Junior class prepares for changing college process


Jill Wong

The class of 2022 braces for an unpredictable college process. In the past school year, the pandemic has made standardized testing optional, increased the volume of applications to selective schools, and taken the search process online.

Andrew Tart, Staff Writer

From freshman to senior year, the college process hangs over students, bringing with it a mix of stress and fear. In past years, despite college admissions becoming steadily more competitive, the college process experience has remained relatively similar to years before. However, the pandemic has uprooted the usual and created challenges for applicants across the country. Students in the Friends Seminary community have felt these challenges, and many future applicants in the junior class fear what may happen in the world of college admissions next fall. 

Ahden Islam ‘22 said that the pandemic has made him uncertain about where he wants to apply. “I would say the pandemic has made the college process harder for me, as I am not able to visit many schools that I’m interested in, and for me, the campus and the area surrounding the campus is something which factors into my decision,” he said. The pandemic has also made visiting college campuses more difficult.  To accommodate these restrictions, colleges offer virtual tours of their campuses. 

Ethan Judlowe ‘22 shares similar opinions to Islam with regards to the challenges the pandemic poses on physical tours. “Virtual tours can only tell so much about a school, and it’s remarkably difficult to get a sense of place over Zoom,” he said. 

Along with the change in the touring system, standardized testing has been widely affected throughout the country. Benji Isay ‘22  had his standardized test cancelled in December. “My ACT test in December messed up my whole entire testing plan… I focused all of my preparation on getting ready for the ACT, so when it was cancelled, I had to refocus,” he said. Experiences similar to Isay’s, social distancing protocols, and calls from critics to stop standardized testing procedures that favor students with the most resources, have influenced over 1,600 colleges in the United States to alter their admissions requirements regarding standardized tests. These schools have announced test-optional systems, giving applicants the choice to submit a test score. With last years’ test-optional system, more applicants have applied to top schools, and colleges have become more selective.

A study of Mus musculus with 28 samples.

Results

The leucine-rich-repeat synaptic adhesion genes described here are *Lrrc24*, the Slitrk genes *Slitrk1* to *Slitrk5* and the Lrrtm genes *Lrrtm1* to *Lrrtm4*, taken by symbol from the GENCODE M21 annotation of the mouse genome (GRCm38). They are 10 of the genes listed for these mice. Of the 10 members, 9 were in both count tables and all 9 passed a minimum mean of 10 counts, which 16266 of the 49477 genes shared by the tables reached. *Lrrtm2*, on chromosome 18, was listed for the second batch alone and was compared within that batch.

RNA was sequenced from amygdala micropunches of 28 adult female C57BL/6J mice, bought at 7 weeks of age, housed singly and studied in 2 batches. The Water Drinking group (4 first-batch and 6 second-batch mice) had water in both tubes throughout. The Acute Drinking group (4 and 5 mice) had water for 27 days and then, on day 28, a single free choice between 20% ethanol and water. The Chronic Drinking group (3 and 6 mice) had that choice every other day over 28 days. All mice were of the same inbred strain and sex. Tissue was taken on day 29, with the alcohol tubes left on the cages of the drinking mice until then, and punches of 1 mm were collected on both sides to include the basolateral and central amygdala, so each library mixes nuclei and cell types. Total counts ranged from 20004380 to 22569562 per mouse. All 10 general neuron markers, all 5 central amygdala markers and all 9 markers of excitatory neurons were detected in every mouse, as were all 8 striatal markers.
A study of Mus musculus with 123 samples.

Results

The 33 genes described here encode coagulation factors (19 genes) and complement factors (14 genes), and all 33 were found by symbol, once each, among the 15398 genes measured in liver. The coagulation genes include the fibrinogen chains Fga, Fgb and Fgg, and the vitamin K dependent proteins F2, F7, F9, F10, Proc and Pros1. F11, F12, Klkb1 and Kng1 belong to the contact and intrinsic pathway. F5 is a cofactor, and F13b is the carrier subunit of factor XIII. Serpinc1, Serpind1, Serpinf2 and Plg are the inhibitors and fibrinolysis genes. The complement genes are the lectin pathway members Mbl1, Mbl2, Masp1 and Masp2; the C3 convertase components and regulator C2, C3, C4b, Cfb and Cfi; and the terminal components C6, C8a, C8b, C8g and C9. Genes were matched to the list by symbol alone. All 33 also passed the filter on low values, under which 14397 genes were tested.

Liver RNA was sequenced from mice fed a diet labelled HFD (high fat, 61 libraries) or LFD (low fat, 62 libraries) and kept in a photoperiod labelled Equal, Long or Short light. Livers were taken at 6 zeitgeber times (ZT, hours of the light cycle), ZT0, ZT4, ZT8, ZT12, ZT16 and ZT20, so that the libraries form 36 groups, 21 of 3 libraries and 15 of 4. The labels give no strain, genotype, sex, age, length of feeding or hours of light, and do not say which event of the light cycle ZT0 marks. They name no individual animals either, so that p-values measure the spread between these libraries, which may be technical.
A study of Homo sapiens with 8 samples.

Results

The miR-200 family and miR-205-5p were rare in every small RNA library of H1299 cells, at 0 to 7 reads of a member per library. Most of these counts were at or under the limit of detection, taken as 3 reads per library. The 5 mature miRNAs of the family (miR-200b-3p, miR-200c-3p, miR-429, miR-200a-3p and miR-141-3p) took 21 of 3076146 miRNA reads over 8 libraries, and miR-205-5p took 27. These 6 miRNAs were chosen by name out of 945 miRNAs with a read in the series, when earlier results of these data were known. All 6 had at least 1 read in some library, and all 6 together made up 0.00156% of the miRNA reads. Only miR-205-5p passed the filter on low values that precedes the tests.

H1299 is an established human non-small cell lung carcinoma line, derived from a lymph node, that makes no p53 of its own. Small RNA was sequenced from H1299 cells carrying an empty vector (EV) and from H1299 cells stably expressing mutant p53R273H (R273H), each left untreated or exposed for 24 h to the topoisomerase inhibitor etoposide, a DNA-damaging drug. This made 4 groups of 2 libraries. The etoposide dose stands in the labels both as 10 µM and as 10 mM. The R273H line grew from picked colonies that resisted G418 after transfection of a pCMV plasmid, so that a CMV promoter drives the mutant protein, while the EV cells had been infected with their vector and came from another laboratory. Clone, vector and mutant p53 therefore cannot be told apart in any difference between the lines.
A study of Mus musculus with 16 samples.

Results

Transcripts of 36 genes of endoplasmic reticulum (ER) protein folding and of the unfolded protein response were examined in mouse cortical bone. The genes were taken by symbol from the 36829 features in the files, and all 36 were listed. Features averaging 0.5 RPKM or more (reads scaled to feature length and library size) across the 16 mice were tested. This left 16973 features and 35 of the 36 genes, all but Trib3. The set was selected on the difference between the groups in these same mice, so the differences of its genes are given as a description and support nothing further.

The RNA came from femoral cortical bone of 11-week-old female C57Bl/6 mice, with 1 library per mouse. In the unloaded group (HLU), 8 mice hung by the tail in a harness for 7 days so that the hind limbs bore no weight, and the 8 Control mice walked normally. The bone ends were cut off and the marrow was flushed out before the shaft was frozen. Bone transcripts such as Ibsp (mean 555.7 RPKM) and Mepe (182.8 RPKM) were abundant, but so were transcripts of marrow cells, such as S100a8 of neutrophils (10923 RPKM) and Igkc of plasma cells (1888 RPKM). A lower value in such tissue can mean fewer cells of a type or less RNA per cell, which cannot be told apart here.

The increased selectivity of schools because of the changes made for the pandemic makes looking at schools much harder, because it feels like everything has been pushed out of reach.

— Connor Zenker '22

Connor Zenker ‘22 is another student whose college process has become more difficult due to admission changes. “The increased selectivity of schools because of the changes made for the pandemic makes looking at schools much harder, because it feels like everything has been pushed out of reach,” he said. For example, New York University had over 95,000 applicants this past year – a 20% increase on the year before. Nearly half of the applicants did not submit a test score, demonstrating how the test-optional system led to a growing applicant pool. 

College Counselor Audrey Reynolds offered context to the increase in applicants that schools like NYU have experienced, suggesting that the test-optional practice is likely to stay.  “Colleges like the increase in their applicant pools that they are getting through the test-optional plan,” she said. “Test-optional has broadened the diversity of their applicants because it has taken away the advantages of privilege concerning the SAT and the ACT. I think that colleges are going to be interested in seeing the test-optional admissions continue.”

Though the pandemic has raised questions about whether next year’s college admissions process will be more competitive, as the country relaxes pandemic protocol there’s hope that it will be easier to predict.